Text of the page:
Massachusetts Chapter of the American College of Surgeons

Lumeng J Yu, Victoria Ko, Scott C Fligor, Savas T Tsikis, Amy Pan, Jordan D Secor, Duy T Dao, Lorenzo Anez-Bustillos, Bennet S Cho, and Mark Puder
Dept. of Surgery, Vascular Biology Program, Boston Children's Hospital, Boston, MA

Background: Bronchopulmonary dysplasia (BPD) affects up to 40% of infants born before 28 weeks’ gestation and is characterized by alveolar simplification. Many of these children will require surgical care. We assess a murine model of BPD for persistent long-term functional outcomes that may mirror those of human BPD. Methods: Newborn C57Bl/6J mouse littermates were exposed to normoxia (21% O2) or hyperoxia (75% O2) for 10 days. On postnatal day 10, one cohort underwent pulmonary function testing (PFT), followed by lung harvest for morphometric analysis. A second cohort of pups were recovered in normoxia until eight weeks of age for treadmill exercise tolerance testing (TETT), PFT, and lung morphometrics.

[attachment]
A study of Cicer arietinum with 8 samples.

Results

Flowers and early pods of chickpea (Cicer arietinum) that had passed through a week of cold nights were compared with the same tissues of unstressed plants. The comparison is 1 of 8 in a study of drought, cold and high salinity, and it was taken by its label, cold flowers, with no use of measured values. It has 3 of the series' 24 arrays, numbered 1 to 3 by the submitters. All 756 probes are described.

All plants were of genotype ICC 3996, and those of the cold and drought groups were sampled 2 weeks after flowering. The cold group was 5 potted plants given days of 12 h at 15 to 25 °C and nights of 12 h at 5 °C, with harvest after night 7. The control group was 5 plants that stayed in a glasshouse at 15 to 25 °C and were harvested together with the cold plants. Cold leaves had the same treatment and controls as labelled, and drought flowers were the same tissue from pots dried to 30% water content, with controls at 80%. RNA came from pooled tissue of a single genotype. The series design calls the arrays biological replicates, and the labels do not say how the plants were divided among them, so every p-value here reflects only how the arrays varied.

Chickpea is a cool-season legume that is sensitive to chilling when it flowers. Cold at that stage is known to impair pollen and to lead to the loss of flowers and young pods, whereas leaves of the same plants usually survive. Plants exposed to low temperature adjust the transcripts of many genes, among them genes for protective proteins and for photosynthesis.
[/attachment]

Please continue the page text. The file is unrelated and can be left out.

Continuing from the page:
Results: Hyperoxia exposure significantly increased compliance and inspiratory capacity at postnatal day 10. On morphometrics, this correlated with increased mean linear intercept and significantly decreased alveolar count, both hallmarks of alveolar simplification. At postnatal week eight, mice exposed to hyperoxia in the neonatal period had persistently increased compliance and inspiratory capacity on PFT and alveolar simplification on morphometry. This correlated with significantly reduced running distance and time prior to exhaustion on TETT compared to normoxia controls.
Conclusion: Murine neonatal oxygen exposure provokes a reliable phenotype of BPD, with alveolar simplification on morphometric analysis, and functional deficits on PFT and TETT, which persist into adulthood. Application of this model and its long-term assessments will be crucial in evaluating potential treatments for BPD.